Village mulls contractor license suspensions

The Lincolnwood Village Board of Trustees at the Committee of the Whole meeting on Jan. 16 discussed measures that would grant the village authority to suspend or revoke licenses for contractors who repeatedly violate village codes.

"There have been instances of contractors either performing work without a building permit or performing work without a village license," community development manager Doug Hammel said. "Some have moved forward in working without passing building inspections, and that requires work to be undone at the cost of the property owner."

Contractor penalties could include fines determined by staff at an administrative hearing, followed by a period of license suspension or revocation determined before the village board or at a public hearing if violations continue to occur. Nearby communities, such as Evanston, sets the period of license suspension for up to 90 days.

"We would anticipate that there is some initial history of violations that would have to be demonstrated before (suspension) becomes a larger issue," Hammel said. "A lot of those could be handled through the administrative adjudication to demonstrate liability and impose a fine before we would even get to enough of a history…(Fines) would be part of the process leading to potential suspension or revocation."

Targeted offenses would likely relate to code violations rather than quality-of-work violations that can be too subjective to legally define, and any such ordinance would mainly pertain to contractors attached to building permits rather than general property maintenance contracting.

"I talked about an example where a contractor closed up work before an interim inspection is done," Hammel said. "That’s a procedural violation, not necessarily a quality-of-work violation, so it’s a bit more objective to take action in that instance."

Studies have shown very few instances where contractors reach enough offenses to qualify for suspension, and a contractor ordinance would likely serve more as a deterrent to sub-par work.

Trustees showed support for the measure, which will likely be drafted into a formal ordinance in the future.

"I think there should be some protection built into these permits that we’re charging residents for," Trustee Georjean Hlepas-Nickell said. "We know for a fact in some instances that some (subcontractors and general contractors) do skip steps, so this gives some recourse."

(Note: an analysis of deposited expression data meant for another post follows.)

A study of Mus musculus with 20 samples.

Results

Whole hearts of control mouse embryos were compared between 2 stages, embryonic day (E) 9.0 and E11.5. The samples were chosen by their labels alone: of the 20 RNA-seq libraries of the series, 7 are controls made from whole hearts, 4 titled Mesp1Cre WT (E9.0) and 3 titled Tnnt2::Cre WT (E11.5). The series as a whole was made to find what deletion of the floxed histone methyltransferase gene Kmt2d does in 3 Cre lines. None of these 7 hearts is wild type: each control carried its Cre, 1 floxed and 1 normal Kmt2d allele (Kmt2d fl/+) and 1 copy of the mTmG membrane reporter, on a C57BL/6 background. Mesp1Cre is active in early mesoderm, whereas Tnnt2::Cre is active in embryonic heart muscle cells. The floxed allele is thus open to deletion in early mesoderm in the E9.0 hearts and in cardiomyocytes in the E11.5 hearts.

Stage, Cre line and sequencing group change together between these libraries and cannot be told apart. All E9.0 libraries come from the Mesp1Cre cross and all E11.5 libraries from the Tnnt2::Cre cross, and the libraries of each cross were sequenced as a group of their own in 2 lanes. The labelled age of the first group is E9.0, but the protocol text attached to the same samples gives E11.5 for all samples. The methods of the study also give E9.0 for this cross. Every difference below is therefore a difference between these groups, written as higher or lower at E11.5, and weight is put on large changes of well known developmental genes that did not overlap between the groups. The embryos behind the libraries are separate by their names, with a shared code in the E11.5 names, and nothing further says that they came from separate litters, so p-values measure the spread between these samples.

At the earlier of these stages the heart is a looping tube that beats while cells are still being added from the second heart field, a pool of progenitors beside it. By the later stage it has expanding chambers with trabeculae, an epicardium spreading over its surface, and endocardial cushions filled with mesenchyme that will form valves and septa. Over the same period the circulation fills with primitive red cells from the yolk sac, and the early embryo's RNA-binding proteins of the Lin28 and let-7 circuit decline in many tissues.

At the regular board meeting, trustees approved a resolution approving the relocation of Commonwealth Edison aerial electric lines underground to make way for the future construction of a pedestrian and bicycle overpass at West Touhy Avenue between North Kilpatrick and North Kilbourn avenues.

As part of the resolution, the village will pay Commonwealth Edison $69,872 up-front out of the total $139,745 cost to install the wires through a contractor, and the village will be partially reimbursed by future grant funds. Construction of the $4.4 million bridge was first discussed following a federal grant that was awarded in October 2011, which would cover 80 percent of the project cost, and the overpass work could begin after utility work is completed.

Trustees also approved a recommendation by the Traffic Commission adopting an ordinance for the placement of stop signs at the intersections of Lowell and Jarvis avenues as well as Jarvis and Kedvale avenues. Previously the residential-area intersections lacked stop signs, but recent traffic studies indicated the area to be busy enough to warrant two-way stop control.

Village manager Tim Wiberg said that because parts of the intersections border the Village of Skokie, final installation of the signs would wait until early February, after that village board is expected to formally approve the additional signage.

Also, trustees approved an intergovernmental agreement with the Illinois Department of Transportation for grant funding for the creation of a right turn lane on northbound Cicero Avenue to West Touhy Avenue and the widening of the Edens Expressway exit ramp.

Also at the meeting, amendments were added to Lincolnwood’s anti sexual-harassment policy, clarifying that accused persons would receive due process. The changes clarified that accused persons would receive an opportunity to respond to harassment allegations when practical.

The Lincolnwood Village Board of Trustees at its meeting on Jan. 2 approved an ordinance amending the village code to strengthen a zero-tolerance policy towards sexual harassment in its government workplaces with provisions that village counsel will develop a procedure of due process for the accused.

"There’s been too many examples of people being kicked out of universities or losing their jobs, and later it’s determined that perhaps some allegations are unfounded," Trustee Ronald Cope said at the meeting. "My feeling is that we should add to our resolution or provision some hearing process, something where the person accused of the wrongdoing gets a chance to hear the evidence and respond. Otherwise I think it’s a very unfair type of process."

The village changes are in response to a recent statewide act made effective on Nov. 16, 2017, directing all units of government within 60 days to adopt policies and procedures prohibiting sexual harassment within government workplaces.

Although Lincolnwood had already established policies prohibiting sexual harassment, new changes clarify that parties related to incidents of harassment will never conduct investigations, that retaliation against accusers is prohibited, and properly direct village employees to outside parties with whom they can file external complaints if needed.

"Tonight’s action will achieve the village’s desire to continue to foster an environment in which harassment is prohibited, and meeting guidelines of the State of Illinois," Mayor Barry Bass said at the Jan. 2 meeting.